Oline Cogdill

I am sad to report that the stage adaptation of A Time To Kill based on the novel by John Grisham, at left, will be closing its Broadway run on Nov. 17.

The courtroom drama had its world premiere in May 2011 at the Arena Stage in Washington, D.C., where it received a good response from critics and audiences.

And A Time To Kill’s pedigree is quite good.

It was adapted by Rupert Holmes, the Tony-, Edgar- and Grammy-Award winning playwright and composer.

Ethan McSweeny, who directed the Arena Stage version, helmed the Broadway play. The cast included John Douglas Thompson, Sebastian Arcelus, and Fred Dalton Thompson, who played District Attorney Arthur Branch for five seasons on Law & Order, making his Broadway debut.

A Time To Kill was Grisham’s first novel and, in many ways, it was a game changer for the legal thriller. It wasn’t just about the law—it was about a community, racism and idealism.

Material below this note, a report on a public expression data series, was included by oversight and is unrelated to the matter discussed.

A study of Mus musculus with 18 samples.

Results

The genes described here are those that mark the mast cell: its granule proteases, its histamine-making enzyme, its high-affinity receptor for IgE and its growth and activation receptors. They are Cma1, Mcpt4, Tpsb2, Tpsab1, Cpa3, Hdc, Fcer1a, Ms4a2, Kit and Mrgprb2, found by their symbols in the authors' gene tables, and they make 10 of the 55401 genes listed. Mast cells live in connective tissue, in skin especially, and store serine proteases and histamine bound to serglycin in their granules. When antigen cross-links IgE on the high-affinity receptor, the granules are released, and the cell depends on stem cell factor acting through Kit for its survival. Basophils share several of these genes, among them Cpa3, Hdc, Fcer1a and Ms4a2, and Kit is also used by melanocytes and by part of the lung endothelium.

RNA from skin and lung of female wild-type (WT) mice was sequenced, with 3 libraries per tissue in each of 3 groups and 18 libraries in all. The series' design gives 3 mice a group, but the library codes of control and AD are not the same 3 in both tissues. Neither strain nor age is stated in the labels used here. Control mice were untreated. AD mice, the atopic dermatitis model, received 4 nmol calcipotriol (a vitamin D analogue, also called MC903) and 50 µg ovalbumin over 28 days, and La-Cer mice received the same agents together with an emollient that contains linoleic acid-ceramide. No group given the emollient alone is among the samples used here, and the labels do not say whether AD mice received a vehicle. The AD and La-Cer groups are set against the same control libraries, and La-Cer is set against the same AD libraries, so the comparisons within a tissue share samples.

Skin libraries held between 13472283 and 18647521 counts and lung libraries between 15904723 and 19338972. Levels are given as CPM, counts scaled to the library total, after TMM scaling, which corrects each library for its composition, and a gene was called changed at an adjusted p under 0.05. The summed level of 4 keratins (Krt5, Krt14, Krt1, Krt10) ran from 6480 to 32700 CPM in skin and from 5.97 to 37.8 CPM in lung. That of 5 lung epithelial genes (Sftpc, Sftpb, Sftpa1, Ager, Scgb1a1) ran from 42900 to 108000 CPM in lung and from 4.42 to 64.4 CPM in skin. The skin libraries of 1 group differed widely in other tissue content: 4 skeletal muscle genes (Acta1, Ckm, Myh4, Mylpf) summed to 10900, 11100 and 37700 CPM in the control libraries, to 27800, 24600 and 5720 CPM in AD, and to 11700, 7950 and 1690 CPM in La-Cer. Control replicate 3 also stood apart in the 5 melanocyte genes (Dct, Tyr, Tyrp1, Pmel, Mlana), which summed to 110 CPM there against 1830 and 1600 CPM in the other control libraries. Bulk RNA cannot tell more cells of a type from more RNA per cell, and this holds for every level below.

And Rubert Holmes, rght, one of my favorite playwrights, is responsible for one of the best theatrical evenings of my life when my husband and I saw his Curtains during its previews.

Holmes has twice taken home a Tony, for Accomplice in 1991 and for The Mystery of Edwin Drood in 1986. The musical Curtains, a tribute to mystery fiction plots, earned Holmes a 2007 Drama Desk Award for its book. Nominated for 17 Tonys, Curtains also earned Tony Awards for David Hyde Pierce (best actor in a musical) and Debra Monk (best supporting actress in a musical).

Holmes also is a mystery writer. Swing was set in San Francisco and included its own soundtrack. (Mystery Scene profiled Holmes in the Winter 2010 issue, No. 113.)